By RASHAD ROLLE
Tribune Staff Reporter
FREE National Movement officials feel betrayed by Travis Robinson’s vote against value added tax’s increase to 12 percent, but many residents of the Bain & Grants Town constituency are standing by their member of Parliament, telling The Tribune he owes his success to them, not to a party.
Mr Robinson, pictured, was fired as parliamentary secretary in the Ministry of Tourism and Aviation yesterday for breaching Westminster protocols that require parliamentary secretaries to fully support a government’s priorities.
His firing was a stunning and unlikely development for a 24-year-old who epitomised the FNM’S promotion of youth during last year’s general election campaign where he had received prime speaking slots during rallies and attracted more cheers and applause than many senior FNM officials when he spoke.
He now loses a $45,000 annual salary and the perks that come with the job, such as a car and a government cell phone. As an MP, he still makes a salary of $28,000 a year.
Once identified as the future of the FNM, his own future in the party is now unclear. Privately, party officials said he owed them loyalty, noting their investment in him was such that his campaign was fully financed at the party’s request, frustrating others who sought financial help.
Carlyle Bethel, president of the FNM’s youth arm, the Torchbearers Association, emphasised yesterday that the FNM’s embrace of youth was highlighted not only in Mr Robinson’s selection as a candidate last year, but also in the selection of Central and South Abaco MP James Albury and Long Island MP Adrian Gibson, among others.
“There are a number of young people that stepped forward and I believe the party is still committed to promoting young people,” Mr Bethel said. “There’s always two sides to a story. We can understand where Travis is coming from, but we can also appreciate why the prime minister made his decision.”
Among those grappling with Mr Robinson’s decision, however, is Matthew Brown, vice-chairman of the FNM’s Bain & Grants Town Association who said Mr Robinson did not consult the association before announcing his opposition to the VAT hike during his budget speech last week. He called Mr Robinson’s action a betrayal of parliamentary ethics and insisted the association stands fully behind Prime Minister Dr Hubert Minnis and the vision of his government.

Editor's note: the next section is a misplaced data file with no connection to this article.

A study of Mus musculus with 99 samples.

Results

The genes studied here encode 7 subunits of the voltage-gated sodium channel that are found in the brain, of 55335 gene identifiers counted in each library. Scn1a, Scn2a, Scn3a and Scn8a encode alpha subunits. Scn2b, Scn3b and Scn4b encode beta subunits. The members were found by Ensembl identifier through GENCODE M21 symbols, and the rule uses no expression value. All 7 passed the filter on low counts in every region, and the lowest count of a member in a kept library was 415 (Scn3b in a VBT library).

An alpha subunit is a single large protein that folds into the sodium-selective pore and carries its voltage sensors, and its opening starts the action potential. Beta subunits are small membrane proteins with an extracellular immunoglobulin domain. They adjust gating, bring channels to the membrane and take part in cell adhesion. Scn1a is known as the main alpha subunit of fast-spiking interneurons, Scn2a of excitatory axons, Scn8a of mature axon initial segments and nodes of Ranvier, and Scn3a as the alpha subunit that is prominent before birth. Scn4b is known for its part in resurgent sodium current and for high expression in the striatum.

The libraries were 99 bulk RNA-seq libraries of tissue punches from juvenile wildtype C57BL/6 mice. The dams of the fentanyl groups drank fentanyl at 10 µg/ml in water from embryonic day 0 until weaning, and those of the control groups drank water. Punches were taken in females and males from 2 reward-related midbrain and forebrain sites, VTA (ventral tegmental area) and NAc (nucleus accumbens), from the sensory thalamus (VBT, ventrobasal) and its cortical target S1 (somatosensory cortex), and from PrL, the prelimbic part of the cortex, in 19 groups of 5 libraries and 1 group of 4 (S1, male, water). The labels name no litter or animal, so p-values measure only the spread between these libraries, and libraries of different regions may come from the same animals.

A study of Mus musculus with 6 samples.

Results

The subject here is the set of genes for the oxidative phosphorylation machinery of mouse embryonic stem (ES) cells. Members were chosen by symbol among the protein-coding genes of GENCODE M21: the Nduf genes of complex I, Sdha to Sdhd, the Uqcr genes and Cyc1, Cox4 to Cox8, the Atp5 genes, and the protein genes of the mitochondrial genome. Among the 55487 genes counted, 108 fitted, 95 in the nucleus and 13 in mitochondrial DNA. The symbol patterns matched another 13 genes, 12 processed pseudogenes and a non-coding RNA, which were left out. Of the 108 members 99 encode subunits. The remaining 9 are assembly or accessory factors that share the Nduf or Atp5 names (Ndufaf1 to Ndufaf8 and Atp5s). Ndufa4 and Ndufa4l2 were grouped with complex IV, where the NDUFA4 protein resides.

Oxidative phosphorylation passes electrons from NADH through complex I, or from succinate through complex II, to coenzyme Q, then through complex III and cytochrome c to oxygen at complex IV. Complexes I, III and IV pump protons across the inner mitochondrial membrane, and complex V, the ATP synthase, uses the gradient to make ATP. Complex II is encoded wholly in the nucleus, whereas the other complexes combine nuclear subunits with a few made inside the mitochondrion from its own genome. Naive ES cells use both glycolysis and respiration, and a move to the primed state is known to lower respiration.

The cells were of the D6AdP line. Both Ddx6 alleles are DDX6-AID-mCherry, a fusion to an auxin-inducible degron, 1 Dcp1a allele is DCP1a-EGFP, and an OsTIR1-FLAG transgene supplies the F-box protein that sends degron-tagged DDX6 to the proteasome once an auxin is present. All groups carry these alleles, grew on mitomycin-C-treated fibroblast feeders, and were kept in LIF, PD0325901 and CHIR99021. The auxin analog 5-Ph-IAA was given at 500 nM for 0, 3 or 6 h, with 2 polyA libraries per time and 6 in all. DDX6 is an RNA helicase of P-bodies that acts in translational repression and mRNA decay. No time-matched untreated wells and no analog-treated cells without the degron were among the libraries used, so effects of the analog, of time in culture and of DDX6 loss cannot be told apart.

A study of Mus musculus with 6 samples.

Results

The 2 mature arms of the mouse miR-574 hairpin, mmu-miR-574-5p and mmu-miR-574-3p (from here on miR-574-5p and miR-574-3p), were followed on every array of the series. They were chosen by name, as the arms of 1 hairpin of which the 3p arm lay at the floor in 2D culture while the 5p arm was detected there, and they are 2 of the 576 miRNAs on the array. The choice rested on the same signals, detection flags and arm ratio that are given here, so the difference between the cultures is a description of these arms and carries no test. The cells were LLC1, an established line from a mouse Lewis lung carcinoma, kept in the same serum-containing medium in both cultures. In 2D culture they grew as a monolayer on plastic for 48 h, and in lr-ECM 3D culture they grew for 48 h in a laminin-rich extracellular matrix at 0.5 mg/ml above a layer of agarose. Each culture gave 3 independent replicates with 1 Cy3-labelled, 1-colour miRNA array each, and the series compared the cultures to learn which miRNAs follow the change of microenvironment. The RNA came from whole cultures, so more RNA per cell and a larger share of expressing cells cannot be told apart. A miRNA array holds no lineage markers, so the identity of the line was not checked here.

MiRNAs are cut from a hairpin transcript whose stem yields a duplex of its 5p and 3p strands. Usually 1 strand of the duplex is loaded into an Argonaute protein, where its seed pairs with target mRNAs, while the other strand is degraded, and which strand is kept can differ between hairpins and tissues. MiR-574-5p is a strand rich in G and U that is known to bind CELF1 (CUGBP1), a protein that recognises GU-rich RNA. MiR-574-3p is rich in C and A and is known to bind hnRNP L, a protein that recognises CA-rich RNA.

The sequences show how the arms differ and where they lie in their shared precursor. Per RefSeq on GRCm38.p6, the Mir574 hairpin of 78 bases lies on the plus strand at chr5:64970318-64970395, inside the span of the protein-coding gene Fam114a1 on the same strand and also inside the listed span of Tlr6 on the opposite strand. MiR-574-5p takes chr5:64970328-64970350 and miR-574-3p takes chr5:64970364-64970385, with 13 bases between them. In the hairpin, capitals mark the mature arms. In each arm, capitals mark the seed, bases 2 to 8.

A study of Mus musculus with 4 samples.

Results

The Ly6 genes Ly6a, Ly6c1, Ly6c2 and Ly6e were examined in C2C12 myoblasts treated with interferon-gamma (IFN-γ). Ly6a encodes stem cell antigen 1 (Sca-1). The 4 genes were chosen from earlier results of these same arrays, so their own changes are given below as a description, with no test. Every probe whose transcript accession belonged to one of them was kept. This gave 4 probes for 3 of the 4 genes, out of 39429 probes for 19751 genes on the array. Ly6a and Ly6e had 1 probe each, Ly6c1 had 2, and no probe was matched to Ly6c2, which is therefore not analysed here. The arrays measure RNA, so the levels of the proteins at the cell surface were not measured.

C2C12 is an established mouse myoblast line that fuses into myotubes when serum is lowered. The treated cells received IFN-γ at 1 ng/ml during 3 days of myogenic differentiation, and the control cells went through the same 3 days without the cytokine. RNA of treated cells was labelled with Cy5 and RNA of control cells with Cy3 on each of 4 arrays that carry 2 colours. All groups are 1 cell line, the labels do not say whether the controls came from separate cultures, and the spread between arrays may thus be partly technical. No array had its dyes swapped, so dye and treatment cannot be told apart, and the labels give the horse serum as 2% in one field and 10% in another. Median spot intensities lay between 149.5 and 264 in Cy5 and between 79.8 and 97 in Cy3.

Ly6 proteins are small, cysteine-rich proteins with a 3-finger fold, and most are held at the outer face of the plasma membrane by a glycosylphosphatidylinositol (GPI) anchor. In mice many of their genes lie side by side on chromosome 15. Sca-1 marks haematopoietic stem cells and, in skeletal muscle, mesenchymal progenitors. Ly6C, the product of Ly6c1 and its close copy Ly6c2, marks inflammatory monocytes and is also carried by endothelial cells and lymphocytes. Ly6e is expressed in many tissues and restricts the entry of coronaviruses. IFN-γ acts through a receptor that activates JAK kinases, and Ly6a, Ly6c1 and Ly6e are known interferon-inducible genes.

The relationship between Mr Robinson and the party’s association, he said, had been strained sometimes, suggesting the MP’s decision not to consult them on VAT was not without precedent.
Meanwhile, residents of the constituency criticised a Westminster system that required Mr Robinson to resign from his government position or be fired, calling for it to be changed.
“Not because you say the sky is blue means I must believe the same thing,” said Crystal Colebrooke, 23. “I have to look up and come to my own conclusion. The system shouldn’t be the way it is. There should be freedom of speech.”
Like 66-year-old Patsy Johnson, an owner of a small store in the constituency, Ms Colebrooke believes the FNM’s rare victory there last year will not be repeated in 2022.
“People didn’t vote for the FNM,” she said. “We voted because we were tired of the PLP. If a dog did run against the PLP, that dog would have gotten in because we wanted change. But I don’t think I will vote again. They always doing foolishness.”
She added: “Travis grew up with no money. He for the people. He know about struggle. The rest of them don’t.”
Ms Johnson, meanwhile, said she is a lifelong supporter of the PLP who voted for the FNM for the first time last year.
“I will not vote for the FNM anymore,” she said. “They only gon’ serve one term. They fire Travis and the same way they did that we gon’ fire them next time.”
It’s still unclear how Mr Robinson’s decision will affect his future in the constituency. Residents like Freddy Johnson, 47, said the MP’s popularity has been waning in the area. “Many people don’t like him because he don’t do anything for us,” he said.
FNM officials like Mr Brown insist that as opposed to voting against VAT, Mr Robinson should have explained to residents what the benefits of the budget are, such as its $5 million allocation for the Over-the-Hill initiative, exemptions for real property tax and select customs duties and VAT exemptions on bread-basket items. But many residents of the area are unconvinced such concessions will offset the general increase of VAT.
Asked about the Over-the-Hill plan, Ms Colebrooke said: “That ain gon’ do anything for nobody. How long will it take for that to make any impact?”
Likewise, Ms Johnson said the VAT exemptions don’t solve the community’s fundamental problem: a lack of money for basic necessities. “People around here don’t have food to eat,” she said. “Everyday I give people here food out of my shop.”
Kevin Wilson, 51, added: “You still got to find the money, you still have to hustle hard. If you can’t get money, exemptions won’t help you.”